Illustration by Apolline Bokkerink for Varsity

There is an awkwardness about class in Cambridge which cannot be denied. This is only the most recent in a string of earnest pieces of student journalism confronting elitism, and it certainly will not be the last. Yet for all our noise, there is a marked silence in the places where our immediate relationships are structured by social class. It seems that students are unwilling to bring up the issues surrounding social class, which arise in day to day interactions, in the same way that they might raise issues concerning gender or race.

If this is the case with the relationships between students, how much more strained does this silence become when the less privileged person is not a student, but a member of non-academic staff? We are in regular contact with these members of college, and the fact that they are explicitly providing us with a service, from cleaning to catering, leads to an uncomfortable ambiguity about their status, to which some students respond patronisingly. I myself exhibit a self-aware awkwardness because of this dynamic: I hop up at the sound of the bedder’s knock to start frantically tidying, and I cast nervous smiles at the porters, hoping they know that I don’t bang drunkenly on the main gate late at night, but take the side-gate and leave them in peace.

“We are allowed to imagine that bedders are just another quaint tradition”

However, as awkwardness often does, the strained silence of Cambridge produces nervous titters. How many times have you heard jokes about grumpy porters, standoffish bedders, or, crime of hilarious crimes, a bedder accidentally interrupting a student during sex? The fact is that student discourse about college workers often positions them as if they were a colourful backdrop of Dickensian side-characters, existing on the periphery to throw into relief the supposedly deeply amusing exploits of students. We are so mired in euphemism that even the term ‘bedder’ is oddly equivocal: using the old-fashioned Cambridge jargon, we are allowed to imagine that bedders are just another quaint tradition, rather than our often vastly underpaid personal cleaners. As the recent creation of the Taylor’s Table has shown, over half of Cambridge colleges fail to pay all their staff the Real Living Wage of £8.75 per hour, and therefore set a poor example for students by failing to treat their employees with dignity.

This student behaviour is not necessarily epidemic (as is demonstrated by the student engagement which led to the creation of the Taylor’s Table itself) but it is symptomatic. It is testament to a culture in which not gaining access to this prestigious institution through academia can render a person inferior in the social eye; one where the most culturally challenging thing that a student from a privileged background is likely to encounter is a student from a less privileged one. However, it may be the case that these relationships will be the most substantial connection in their lives so far to someone from a significantly different class background. There is a tendency to take less privileged students as straightforward representatives of ‘the working classes’, without fully realising how different the makeup of society outside the University is.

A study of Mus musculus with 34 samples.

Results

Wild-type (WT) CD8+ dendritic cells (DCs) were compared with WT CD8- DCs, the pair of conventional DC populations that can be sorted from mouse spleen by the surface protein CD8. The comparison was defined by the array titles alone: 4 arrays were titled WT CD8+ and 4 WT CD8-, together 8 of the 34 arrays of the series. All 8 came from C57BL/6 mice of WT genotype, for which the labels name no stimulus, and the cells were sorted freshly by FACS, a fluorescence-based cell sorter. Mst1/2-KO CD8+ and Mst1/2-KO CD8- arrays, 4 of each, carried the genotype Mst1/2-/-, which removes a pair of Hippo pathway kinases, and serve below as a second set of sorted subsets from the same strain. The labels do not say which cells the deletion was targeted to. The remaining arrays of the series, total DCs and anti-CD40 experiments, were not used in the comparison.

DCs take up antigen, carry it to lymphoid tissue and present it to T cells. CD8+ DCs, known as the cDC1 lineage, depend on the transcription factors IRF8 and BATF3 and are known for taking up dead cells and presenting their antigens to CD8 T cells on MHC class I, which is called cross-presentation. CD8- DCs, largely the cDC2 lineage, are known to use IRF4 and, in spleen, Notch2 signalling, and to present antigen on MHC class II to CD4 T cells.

“There is a tendency to take less privileged students as straightforward representatives of ‘the working classes’”

Therefore, I believe many students leave Cambridge with a skewed picture of the social spectrum, thinking that they have encountered the full scope of its diversity here. It is a worrying prognosis when some of the greatest minds of our generation are set loose on the world so completely untheorized about – and unpractised in – social class relations.


Mountain View

Colleges must be pushed to uphold their duty of care to non-academic staff

Currently, awkwardness or obliviousness towards social class, and a resultant dehumanising comic strain, characterise much of the discourse about college workers, colouring students’ perceptions of class relations for years to come. Students can change this discourse by becoming more self-aware and refusing to participate in a culture which treats college staff as comic appendages to our narratives. A more open discussion of class in Cambridge, with less ostracising nervous laughter, can only take place when students are brave enough to resist these tendencies, helping to inculcate a more thoughtful attitude to class in those who might lack it.